Helena Stewart

PhD Research Student

Environmental Chemistry BSc (Hons), University of Glasgow 2008

Supervisors: Robert McCulloch, Tom Bradwell

Start Date: 1st October 2012

3A124A, Cottrell Building
Biological & Environmental Sciences
Faculty of Natural Sciences
University of Stirling

tel: +44 (0)1786 467
fax:+(44) 1786 467843
email: Helena Stewart

Research Project

Peat’s secret archive: reconstructing the North Atlantic storm frequency and volcanic eruption history of the last 10,000 years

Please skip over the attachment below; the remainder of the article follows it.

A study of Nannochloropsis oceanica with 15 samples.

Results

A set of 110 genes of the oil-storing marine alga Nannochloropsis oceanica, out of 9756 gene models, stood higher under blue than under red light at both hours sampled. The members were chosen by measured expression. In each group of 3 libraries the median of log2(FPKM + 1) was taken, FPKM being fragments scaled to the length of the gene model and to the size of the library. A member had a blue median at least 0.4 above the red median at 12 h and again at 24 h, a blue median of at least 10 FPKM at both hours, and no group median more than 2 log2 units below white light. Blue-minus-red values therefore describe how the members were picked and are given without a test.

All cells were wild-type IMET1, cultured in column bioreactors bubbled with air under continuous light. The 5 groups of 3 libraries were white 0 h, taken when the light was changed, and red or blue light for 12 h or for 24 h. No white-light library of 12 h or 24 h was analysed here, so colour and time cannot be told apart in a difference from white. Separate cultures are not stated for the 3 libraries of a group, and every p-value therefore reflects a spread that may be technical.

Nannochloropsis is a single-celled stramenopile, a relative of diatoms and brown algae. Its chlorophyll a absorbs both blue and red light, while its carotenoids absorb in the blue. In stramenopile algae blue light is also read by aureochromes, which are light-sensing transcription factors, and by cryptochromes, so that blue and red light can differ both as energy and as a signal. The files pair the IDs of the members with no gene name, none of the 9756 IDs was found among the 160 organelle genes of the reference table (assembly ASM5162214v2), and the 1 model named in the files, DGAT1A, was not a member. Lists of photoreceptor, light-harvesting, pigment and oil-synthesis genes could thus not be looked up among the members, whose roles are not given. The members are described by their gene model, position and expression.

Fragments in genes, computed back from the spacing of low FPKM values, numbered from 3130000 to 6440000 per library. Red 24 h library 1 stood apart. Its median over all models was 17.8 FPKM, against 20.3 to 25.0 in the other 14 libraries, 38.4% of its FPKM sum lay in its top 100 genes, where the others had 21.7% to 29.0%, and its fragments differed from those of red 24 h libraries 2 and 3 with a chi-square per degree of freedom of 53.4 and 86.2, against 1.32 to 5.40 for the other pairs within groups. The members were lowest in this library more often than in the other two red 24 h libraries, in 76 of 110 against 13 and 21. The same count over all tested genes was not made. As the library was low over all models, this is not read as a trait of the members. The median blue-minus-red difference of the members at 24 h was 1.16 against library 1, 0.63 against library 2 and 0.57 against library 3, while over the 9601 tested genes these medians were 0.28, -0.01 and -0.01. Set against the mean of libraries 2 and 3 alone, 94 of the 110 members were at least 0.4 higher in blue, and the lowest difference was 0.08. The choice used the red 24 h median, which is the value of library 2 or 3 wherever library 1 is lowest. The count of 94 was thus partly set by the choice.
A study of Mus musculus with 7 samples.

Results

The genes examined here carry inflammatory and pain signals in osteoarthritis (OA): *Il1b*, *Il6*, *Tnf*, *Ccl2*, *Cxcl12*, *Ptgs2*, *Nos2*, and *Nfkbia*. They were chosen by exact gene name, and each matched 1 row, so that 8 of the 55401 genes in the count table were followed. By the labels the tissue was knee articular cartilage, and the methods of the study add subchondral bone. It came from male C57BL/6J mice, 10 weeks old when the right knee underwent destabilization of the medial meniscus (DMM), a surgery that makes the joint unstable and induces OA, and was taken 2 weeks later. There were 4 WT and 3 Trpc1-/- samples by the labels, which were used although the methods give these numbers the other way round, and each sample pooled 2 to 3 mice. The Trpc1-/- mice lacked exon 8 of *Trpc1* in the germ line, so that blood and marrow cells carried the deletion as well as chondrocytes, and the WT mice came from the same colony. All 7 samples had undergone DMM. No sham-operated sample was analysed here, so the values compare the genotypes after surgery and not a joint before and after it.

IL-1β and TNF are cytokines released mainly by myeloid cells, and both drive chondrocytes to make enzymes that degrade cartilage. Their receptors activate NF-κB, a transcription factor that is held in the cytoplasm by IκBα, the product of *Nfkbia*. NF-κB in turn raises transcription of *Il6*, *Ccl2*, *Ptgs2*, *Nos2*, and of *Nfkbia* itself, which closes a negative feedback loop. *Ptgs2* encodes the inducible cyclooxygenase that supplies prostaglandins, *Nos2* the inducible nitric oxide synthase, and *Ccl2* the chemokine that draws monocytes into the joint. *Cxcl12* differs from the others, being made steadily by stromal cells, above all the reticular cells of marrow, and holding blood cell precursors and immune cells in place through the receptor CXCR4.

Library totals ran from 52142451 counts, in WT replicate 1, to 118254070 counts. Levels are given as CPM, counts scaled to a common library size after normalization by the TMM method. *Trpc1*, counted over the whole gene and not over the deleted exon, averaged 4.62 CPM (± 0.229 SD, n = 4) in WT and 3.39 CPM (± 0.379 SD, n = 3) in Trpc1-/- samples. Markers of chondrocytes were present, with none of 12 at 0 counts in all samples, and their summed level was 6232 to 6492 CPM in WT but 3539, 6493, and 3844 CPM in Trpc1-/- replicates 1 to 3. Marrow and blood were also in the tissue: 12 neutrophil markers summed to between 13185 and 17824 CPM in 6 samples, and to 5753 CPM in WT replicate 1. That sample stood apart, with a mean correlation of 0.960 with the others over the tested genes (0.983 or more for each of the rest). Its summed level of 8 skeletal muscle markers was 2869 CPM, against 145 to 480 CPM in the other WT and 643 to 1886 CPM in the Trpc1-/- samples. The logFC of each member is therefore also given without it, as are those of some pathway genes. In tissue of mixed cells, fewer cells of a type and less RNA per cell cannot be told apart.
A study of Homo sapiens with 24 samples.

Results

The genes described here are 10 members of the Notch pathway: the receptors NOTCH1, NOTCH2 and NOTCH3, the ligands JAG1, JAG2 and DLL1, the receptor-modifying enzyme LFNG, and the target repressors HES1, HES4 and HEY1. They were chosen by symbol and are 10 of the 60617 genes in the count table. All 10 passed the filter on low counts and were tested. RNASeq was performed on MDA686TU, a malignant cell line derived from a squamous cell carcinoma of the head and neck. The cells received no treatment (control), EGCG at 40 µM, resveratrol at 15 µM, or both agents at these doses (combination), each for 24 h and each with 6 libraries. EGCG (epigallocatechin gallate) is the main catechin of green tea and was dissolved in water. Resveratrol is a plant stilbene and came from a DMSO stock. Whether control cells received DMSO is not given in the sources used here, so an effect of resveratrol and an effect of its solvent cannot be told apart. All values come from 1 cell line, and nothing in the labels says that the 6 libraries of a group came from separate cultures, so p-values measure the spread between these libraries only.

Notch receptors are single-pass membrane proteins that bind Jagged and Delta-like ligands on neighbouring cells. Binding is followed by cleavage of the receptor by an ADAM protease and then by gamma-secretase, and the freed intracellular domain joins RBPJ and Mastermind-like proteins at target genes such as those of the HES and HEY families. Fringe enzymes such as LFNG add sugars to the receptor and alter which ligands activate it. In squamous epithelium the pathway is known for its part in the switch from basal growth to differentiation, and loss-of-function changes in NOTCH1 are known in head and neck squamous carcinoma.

The world’s largest sources of dust are found in low latitude arid regions and this is where most aeolian research has been focused. However the processes of dust production and emissions may still be found in higher latitude and colder climatic regions such as Iceland.  Dust emission and deposition rates in active glacial catchments are very high, and in some cases exceed the rates measured in lower latitudes.  The main sources of North Atlantic dust are the expansive unvegetated Sandur plains of southern Iceland and areas close to the glaciers.  Glaciers cover approximately 10% of the country and create high levels of physical weathering.  Therefore, the sediment load of glacial rivers is high and large quantities of sediments are deposited on floodplains and at the glacial margins creating large sources of windblown dust.  During high-magnitude storms this dust is remobilised in the lower atmosphere and carried further afield by strong winds and is often deposited over Scotland and the British Isles enabling a chronology of this process to be developed from peat cores.  Iceland is also a highly volcanic area therefore tephra can be identified alongside the glacial dust in the peat cores and can be used as a chronological tool.  This project focuses on producing a high-resolution, age-constrained index of Icelandic dust storm and volcanic eruption frequency spanning the past 10,000 years, through detailed analysis of terrestrial peat cores from northern Scotland and assessing the long term frequency of these events.